Too often, churches unintentionally introduce a level of competition by scheduling events that overlap. Or they schedule too many activities in a month for the same audience. With so many contributing (and competing) messages, church communicators like you take on the challenge to promote each event in a way that connects with its audience, generates interest and, hopefully, results in strong attendance. Yes, the struggle is real!
As you face what seems like a perpetual mountain, here are a few overarching keys that I hope will help.
1. Many Parts, One Body
In 1 Corinthians 12:12 (NIV), Paul says, "Just as a body, though one, has many parts, but all its many parts form one body, so it is with Christ."
One time I approached one of our ministries to help them with their annual event promo materials. As I reviewed a marketing piece they always present, I knew we could come up with an improved approach. As I made suggestions, the administrative assistant continually dismissed the ideas. She seemed to think that the target audience was unique, that I didn't understand their audience, and that I was not able to use the same methods as I did with others. This thought was intriguing to me, and it revealed a flaw I had never appreciated before.
Church leaders make the mistake of assuming their audience is somehow unique from those involved in other ministries and, therefore, requires a unique communication style. But this siloed view fragments a church's communication and diversifies its identity.
For example, parents of students are not a unique audience with unique communications needs. In actuality, a parent of a student may also be a small group leader, is a church member, and potentially for men's ministry or couples ministry opportunities. A parent isn't a unique audience but merely a segment of the one audience — your church body. Understanding the fundamentals of segmentation will help you and your ministry leaders avoid silos and communicate more consistently.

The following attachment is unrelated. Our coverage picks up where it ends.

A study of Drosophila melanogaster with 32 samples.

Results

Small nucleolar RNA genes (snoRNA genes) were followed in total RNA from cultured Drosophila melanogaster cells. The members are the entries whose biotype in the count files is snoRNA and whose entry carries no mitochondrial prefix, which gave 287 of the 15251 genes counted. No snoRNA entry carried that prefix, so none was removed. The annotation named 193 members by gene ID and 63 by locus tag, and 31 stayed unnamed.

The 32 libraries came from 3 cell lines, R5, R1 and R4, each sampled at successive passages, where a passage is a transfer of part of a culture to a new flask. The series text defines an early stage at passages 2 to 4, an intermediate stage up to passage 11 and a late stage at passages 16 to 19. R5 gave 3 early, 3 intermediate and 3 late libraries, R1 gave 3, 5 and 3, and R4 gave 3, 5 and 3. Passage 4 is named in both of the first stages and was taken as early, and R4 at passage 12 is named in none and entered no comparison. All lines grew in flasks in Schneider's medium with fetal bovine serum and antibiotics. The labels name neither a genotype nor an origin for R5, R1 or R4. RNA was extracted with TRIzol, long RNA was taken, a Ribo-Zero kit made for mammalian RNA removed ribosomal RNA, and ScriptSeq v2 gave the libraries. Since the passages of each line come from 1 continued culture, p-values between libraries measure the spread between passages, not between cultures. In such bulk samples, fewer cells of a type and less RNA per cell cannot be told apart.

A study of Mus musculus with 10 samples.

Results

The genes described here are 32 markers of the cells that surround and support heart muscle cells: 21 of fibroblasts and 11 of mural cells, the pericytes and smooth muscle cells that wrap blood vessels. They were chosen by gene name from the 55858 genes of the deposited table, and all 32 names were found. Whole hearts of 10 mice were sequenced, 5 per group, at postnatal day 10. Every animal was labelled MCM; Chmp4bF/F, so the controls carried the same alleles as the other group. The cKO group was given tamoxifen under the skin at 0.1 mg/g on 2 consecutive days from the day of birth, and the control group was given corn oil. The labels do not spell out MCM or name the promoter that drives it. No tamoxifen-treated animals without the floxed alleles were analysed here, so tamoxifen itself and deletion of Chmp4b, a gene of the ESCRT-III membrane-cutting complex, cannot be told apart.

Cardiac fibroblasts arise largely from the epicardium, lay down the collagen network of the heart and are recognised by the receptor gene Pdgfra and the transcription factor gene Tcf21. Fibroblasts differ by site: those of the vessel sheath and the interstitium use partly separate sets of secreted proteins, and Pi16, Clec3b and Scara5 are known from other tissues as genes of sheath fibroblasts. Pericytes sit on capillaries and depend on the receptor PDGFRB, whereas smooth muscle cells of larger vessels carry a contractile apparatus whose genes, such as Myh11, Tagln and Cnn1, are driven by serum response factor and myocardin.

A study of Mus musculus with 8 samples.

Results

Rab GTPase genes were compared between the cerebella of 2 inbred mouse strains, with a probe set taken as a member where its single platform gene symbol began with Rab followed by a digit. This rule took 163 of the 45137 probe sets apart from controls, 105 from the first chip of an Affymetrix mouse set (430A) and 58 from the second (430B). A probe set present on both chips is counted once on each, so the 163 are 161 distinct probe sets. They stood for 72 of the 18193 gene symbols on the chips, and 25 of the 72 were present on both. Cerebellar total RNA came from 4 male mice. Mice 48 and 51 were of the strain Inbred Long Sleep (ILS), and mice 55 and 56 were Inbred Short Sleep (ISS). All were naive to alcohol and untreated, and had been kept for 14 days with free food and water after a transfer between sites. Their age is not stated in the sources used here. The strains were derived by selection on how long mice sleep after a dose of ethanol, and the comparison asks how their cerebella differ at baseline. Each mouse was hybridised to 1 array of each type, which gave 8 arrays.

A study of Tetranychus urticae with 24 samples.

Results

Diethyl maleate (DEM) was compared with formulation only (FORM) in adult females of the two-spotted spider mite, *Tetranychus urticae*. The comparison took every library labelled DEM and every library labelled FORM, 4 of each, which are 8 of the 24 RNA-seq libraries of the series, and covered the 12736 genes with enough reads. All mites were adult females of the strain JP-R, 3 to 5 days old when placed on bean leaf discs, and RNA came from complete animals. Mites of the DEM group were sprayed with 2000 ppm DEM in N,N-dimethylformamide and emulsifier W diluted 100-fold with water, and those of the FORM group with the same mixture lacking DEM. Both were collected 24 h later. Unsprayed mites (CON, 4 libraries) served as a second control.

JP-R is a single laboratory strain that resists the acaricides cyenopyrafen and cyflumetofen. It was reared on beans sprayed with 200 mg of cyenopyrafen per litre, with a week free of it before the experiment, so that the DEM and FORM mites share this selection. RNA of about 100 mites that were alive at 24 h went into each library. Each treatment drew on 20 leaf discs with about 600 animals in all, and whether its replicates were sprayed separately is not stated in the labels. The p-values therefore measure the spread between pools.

2. Building Community
Many churches see small groups as the primary way to build community within their church. At the same time, they might consider communications merely as an important administrative function. If that's the case for your environment, I'd like to suggest an alternative view.
Think of it–what is more essential in building a vibrant community than communication? We can communicate poorly or in ways that are healthy and life-giving, no matter how large or small the audience. If pastors and church leaders would invest in the area of communication as a ministry, there's no telling how their congregations would grow in community. Remember this: communication builds community, but the lack of it alienates people. If you are a church communicator, see yourself as a minister and builder of healthy community!
3. How to Know What to Say
It's hard to know what and how much information your audiences need. There is a balance between keeping people in the loop and information overload. The best advice I feel I can give is this: share what your audience segment would want or need to know at their level of understanding to build community and move them from outside in.
Presenting too much info can overwhelm a person or create confusion, like jumping onto a moving train. But not providing enough — or worse, not communicating at all — could make a person feel like the church is leaving them in the dark. Here are a couple of techniques I learned that might help you expand your approach.
Once you know something, it's tough to "unknow" it. The curse of knowledge is trying to present something you know to someone who doesn't as if you don't. Ask yourself, "If I knew nothing about this, what would be helpful for me to know, so I felt well informed?" Somewhere there is a healthy balance between "more than you really need to know" and "nothing at all." The more experience you gain, the better you become at this.
In her 2011 Harvard Business School blog post, "Eight Ways to Communicate Your Strategy More Effectively," Georgia Everse shares her Inspire/Education/Reinforce framework for communicating. This approach has been so helpful for me over the years. Applying it can help you determine what your audience needs to know while establishing the reason for the communication.
As a communicator in the local church, see yourself as a minister of community building. If you are good at what you do, you will contribute to building a community of believers. Where you need to improve, do it because what you do matters.